Andrew Bird - Useless Creatures (Cover Artwork)
Staff Review

Andrew Bird

Andrew Bird: Useless Creatures

Useless Creatures (2009)

Fat Possum


3.5
For this, my 250th review for Punknews, I thought I would tackle the least-punk album I've written about in my nine years here. With the intention of finally getting into the incredibly talented Chicagoan Andrew Bird, I hit up my contacts upon word of this album's release. Didn't bother reading up o...

For this, my 250th review for Punknews, I thought I would tackle the least-punk album I've written about in my nine years here. With the intention of finally getting into the incredibly talented Chicagoan Andrew Bird, I hit up my contacts upon word of this album's release. Didn't bother reading up on it–just sent some emails out. A short while later it shows up at my door and I pop it in my stereo and wait. The lyrics never come. It turns out this is not the typical Bird album, and probably not my best introduction to the man. It was quite enjoyable in its own way, however, so I soldiered on.

Originally a bonus disc on the deluxe version of 2009's more "traditional" Bird album, Noble Beast, Useless Creatures is what I will have to christen "indie classical." Bird himself calls it an "ambient experimental record," and while portions of it are atmospheric, there are too many great melodies and interesting rhythmic figures going for me to fully agree. It's gotta have the "classical" because it is an instrumental record (whistling is an instrument for our purposes here) that is constructed solely of violins, double bass and percussion that is played orchestrally, never supplying a backbeat. There is no guitar on the album, though it seems he has been gravitating towards that instrument on other recent albums. Bird is classically trained with a violin performance degree from Northwestern University, so he has the chops to go full-on classical, but you gotta throw the "indie" on there if not only for being on hip indie label Fat Possum, but also because his tastes twist the classical mentality to include things like distortion and those "poppy" repetitive melodies and loops that aren't exactly Mozart. The music on this album could fit under the broad umbrella of the "20th century classical" genre and I've heard plenty weirder shit classified as classical. But it's Andrew Bird. It's "indie" (whatever the hell that is, anyway). I'm arguing with myself and none of you care, so let's move on.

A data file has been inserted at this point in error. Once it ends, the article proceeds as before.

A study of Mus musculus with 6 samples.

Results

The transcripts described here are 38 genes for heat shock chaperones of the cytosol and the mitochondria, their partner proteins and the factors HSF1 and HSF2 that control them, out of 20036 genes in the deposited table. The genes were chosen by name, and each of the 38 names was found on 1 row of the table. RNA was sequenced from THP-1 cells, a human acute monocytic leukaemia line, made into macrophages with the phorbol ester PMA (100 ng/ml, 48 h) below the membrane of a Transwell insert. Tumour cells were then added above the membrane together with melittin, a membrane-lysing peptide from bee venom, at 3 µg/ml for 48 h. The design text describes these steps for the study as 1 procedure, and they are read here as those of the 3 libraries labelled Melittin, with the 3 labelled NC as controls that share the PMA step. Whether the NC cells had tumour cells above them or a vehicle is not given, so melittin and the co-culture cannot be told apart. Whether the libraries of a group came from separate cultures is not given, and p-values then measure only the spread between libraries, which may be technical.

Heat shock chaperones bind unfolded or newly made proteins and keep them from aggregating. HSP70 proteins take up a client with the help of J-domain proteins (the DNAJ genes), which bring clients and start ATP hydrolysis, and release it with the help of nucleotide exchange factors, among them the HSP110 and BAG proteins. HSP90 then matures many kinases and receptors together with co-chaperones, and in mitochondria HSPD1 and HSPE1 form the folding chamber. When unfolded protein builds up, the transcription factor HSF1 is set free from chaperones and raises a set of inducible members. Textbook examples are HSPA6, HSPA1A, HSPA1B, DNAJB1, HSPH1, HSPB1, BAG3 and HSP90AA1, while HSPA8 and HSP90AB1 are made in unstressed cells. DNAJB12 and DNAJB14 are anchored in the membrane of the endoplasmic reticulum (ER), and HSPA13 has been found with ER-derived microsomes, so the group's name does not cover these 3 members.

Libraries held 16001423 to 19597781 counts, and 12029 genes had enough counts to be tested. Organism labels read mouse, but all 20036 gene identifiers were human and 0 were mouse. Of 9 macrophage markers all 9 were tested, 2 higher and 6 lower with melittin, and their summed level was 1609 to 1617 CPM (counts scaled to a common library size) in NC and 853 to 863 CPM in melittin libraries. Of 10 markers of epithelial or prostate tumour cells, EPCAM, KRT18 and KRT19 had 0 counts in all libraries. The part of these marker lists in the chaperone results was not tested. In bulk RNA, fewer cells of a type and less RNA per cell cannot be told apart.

"Master Sigh" does start things out pretty ambient, but then you get to "Nyatiti", the most "pop" song on the disc, which is especially interesting when you learn it was based on a traditional Kenyan folk melody. With a catchy whistling part doubled in the violin and a stomping, tribal beat of toms and shakers courtesy of Glenn Kotche of Wilco fame, the song is a goddamn toe-tapper. Immediately following is one of the more tuneless pieces, "The Barn Tapes", a soundscape that would fit perfectly into some creepy movie, perhaps something by Kubrick. It shifts seamlessly from eerie dissonance to more pleasing chords before you even realize it.

"Carrion Suite" begins simply with a gorgeous violin melody with simple pizzicato bass underneath, played by Todd Sickafoose, best known for his work with Ani DiFranco. The song makes a sharp turn when Bird begins to bounce the bow stick off the strings, achieving a rapid-fire percussive sound. In another "movement," Bird strums chords on his violin, as Kotche's percussion steals some spotlight with cool timbale-type tom sounds and metallic effects. "You Woke Me Up!" is delicate and amazingly diverse in textures given the few instruments involved: an affected violin part flutters by under eerie reverbed whistling, with the layers of plucked violin and bass eventually joined by what I believe is vibraphone. "Hot Math" showcases Bird's unbridled talent on the violin as he effortlessly shreds with his bow, then plucks the crap out of it, lumping one melody on top of another and then another. Importing a bit of his indie sensibilities he puts some fuzz on it all, but it can't hide the technical prowess there.

While probably not for the outspoken Orgcore diehards, most of you could get something out of this record, if only for a change of pace. It's beautiful and well-constructed, and its vocal-free nature could soundtrack a nice dinner or study session. While it was not exactly what I was hoping for, I dug Useless Creatures and will now dig further into Bird's discography.